If several Wi-Fi networks are available, Windows 10 automatically selects a wireless network with the strongest signal (no matter what the speed of this connection is and how many devices are connected to it). However, when you connect your computer (laptop) to a wired Ethernet network, Windows keeps on using Wi-Fi network, though Ethernet connection speed is significantly higher, and the connection is more stable and not subject to interference. To switch to the cable Ethernet connection, a Windows user has to manually disable the Wi-Fi connection each time. Let’s consider how to automatically turn off Wi-Fi when the Ethernet LAN cable is connected.
WLAN Switching Options in the BIOS/UEFI
Many computer vendors have their own implementations of the LAN/WLAN Switching technology (they can be named differently). This technology suggests that on a user computer only one network adapter can simultaneously transmit data. If while using a Wi-Fi network, a higher priority Ethernet connection appears on a device, the Wi-Fi adapter should automatically go into the standby mode. Thus, the battery resource is saved and the wireless Wi-Fi network load is reduced.
You can enable LAN/WLAN Switching option in the BIOS/UEFI settings or in the properties of your wireless network adapter driver (it depends on your hardware manufacturer).
Restart your computer to enter the UEFI/BIOS settings, then find and enable the LAN/WLAN Switching option (on HP devices) or Wireless Radio Control (on Dell devices).
This feature may be called differently or be absent in BIOS/UEFI from other manufacturers.
“Disable Upon Wired Connect” in the Wi-Fi Adapter Properties
In the settings of some Wi-Fi adapter drivers, there is an option to automatically turn off the Wi-Fi if the high speed Ethernet connection is available.
Open the Network and Sharing Center in Windows 10 and open the properties of your Wi-Fi adapter. Click Configure.
In the network adapter properties go to the Advanced tab and find the Disabled Upon Wired Connect item in the list of Wi-Fi adapter options. Change its value to Enabled and save the changes.
Due to this option, the driver will be disconnected from a Wi-Fi network if an active Ethernet connection is detected.
This option is not supported on all models of Wi-Fi card drivers. If you don’t have one, the automatic switch to Ethernet connection can still be implemented using a PowerShell script.
Use PowerShell to Disable Wi-Fi when an Ethernet Connection Exists
To automatically enable or disable the WLAN adapter, you can write your own script and make it trigger at the event of the link appearing on the wired LAN interface (Event-ID: 32 — Network link is established) and (Event-ID: 27 – Network link is disconnected) using event triggers, but there is a ready solution for PowerShell.
To automatically turn off the Wi-Fi adapter when a computer is connected to a wired Ethernet network, you can use a ready PowerShell script — WLAN Manager (the original version is available here: https://gallery.technet.microsoft.com/scriptcenter/WLAN-Manager-f438a4d7). You can find a newer WLAN Manager version with enhanced Windows 10 support and correct detection of virtual adapters on GitHub: https://github.com/jchristens/Install-WLANManager.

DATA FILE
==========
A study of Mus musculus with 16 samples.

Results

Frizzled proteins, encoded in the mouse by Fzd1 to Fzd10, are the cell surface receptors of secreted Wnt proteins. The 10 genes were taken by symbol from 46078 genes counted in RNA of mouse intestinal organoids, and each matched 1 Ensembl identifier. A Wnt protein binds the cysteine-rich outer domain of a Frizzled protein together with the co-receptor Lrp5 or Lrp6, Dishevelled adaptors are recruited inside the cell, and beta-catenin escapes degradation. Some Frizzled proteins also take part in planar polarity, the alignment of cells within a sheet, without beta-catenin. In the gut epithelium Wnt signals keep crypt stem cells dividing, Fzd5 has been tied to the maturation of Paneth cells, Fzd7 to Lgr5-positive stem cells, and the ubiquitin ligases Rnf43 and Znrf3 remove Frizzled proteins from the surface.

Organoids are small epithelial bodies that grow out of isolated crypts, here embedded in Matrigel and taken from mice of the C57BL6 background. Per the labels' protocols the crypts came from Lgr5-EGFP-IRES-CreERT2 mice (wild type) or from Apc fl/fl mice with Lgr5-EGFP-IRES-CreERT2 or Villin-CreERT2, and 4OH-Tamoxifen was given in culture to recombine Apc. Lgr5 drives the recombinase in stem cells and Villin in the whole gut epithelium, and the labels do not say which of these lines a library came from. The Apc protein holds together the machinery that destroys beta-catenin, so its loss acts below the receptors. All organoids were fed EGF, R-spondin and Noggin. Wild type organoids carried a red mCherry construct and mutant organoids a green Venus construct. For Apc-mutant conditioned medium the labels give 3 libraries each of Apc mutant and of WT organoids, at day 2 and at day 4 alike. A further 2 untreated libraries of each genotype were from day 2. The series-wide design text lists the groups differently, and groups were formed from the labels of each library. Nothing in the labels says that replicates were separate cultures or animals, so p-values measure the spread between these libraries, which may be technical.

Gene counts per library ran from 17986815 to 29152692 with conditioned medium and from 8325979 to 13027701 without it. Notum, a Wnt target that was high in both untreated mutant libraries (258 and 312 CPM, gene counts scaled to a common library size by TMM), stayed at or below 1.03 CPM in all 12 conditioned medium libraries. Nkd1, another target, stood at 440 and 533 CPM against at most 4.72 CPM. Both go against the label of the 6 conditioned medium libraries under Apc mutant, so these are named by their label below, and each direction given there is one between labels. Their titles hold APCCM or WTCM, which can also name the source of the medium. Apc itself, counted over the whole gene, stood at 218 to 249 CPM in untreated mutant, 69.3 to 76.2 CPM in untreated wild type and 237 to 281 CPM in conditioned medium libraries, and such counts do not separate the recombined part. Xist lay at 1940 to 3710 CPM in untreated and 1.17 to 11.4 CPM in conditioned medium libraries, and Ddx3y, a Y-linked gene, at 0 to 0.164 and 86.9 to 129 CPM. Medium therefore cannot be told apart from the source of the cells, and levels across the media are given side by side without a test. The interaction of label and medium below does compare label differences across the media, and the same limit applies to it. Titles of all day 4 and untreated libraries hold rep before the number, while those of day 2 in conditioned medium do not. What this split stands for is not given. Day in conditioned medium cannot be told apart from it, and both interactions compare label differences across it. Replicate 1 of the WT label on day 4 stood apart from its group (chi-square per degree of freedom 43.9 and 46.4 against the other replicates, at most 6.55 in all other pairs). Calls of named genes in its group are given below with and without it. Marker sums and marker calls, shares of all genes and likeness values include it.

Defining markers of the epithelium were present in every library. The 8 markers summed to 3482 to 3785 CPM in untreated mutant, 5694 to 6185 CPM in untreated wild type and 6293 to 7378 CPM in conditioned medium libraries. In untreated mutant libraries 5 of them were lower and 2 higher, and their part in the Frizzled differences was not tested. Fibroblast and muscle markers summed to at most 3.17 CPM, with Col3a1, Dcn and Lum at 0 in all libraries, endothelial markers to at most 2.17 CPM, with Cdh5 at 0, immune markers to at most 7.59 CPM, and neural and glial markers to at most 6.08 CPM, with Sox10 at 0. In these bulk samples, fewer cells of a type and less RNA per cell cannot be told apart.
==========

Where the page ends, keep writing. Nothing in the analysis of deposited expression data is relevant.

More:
This PowerShell script creates a new Scheduler task that runs another script at the system boot. The script regularly checks for active network adapters. If the script detects any LAN (Ethernet) connection, WLAN interface is automatically disabled. If the Ethernet network cable is disconnected, the script enables the wireless Wi-Fi adapter.
The script consists of 2 files:
Let’s see how to install WLAN Manager script in Windows 10. Open the elevated PowerShell prompt and allow to run the PS1 scripts:
Install the script in your system using the following command:
The script may be installed to be run as from a user account (Install:User) or as a local system (Install:System).
Verifying WLAN Manager version information… Missing
Writing WLAN Manager version information… Done
Verify WLAN Manager Files… Missing
Installing WLAN Manager Files… Done
Verify WLAN Manager Scheduled Task… Missing
Installing WLAN Manager Scheduled Task… Done
You can make the script notify a user when switching between Wi-Fi and LAN networks:
.\WLANManager.ps1 -Install:User -BalloonTip:$true
Make sure that a new WLAN Manager task has appeared in the Task Scheduler.
Restart your computer. After the startup, the Scheduler will start the C:\Program Files\WLANManager\WLANManager.ps1 script that checks network connections every second, and if a LAN connection is detected, all available Wi-Fi adapters will be disabled. If the LAN cable is disconnected, the script will automatically enable wireless Wi-Fi adapters.
WLAN Manager script works well on Windows 10, Windows 8.1 and 7.
GPO to Disable Non-Domain Wireless Networks When Connected to LAN
In the GPO there are a separate setting that allows you to disable the Wi-Fi connections when a computer is connected to a corporate domain network via LAN. This policy is located in the GPO section Computer Configuration -> Policies ->Administrative Templates -> Network ->Windows Connection Manager and called “Prohibit connection to non-domain networks when connected to domain authenticated network”. The policy appeared in Windows 8 / Windows Server 2012 or higher.
The policy prevents a computer from being connected to both domain and non-domain networks at once.
However, if this policy is enabled, you may experience some problems when connecting to a Wi-Fi network if the additional interfaces are present on your computer (for example, loopback or virtualization software created).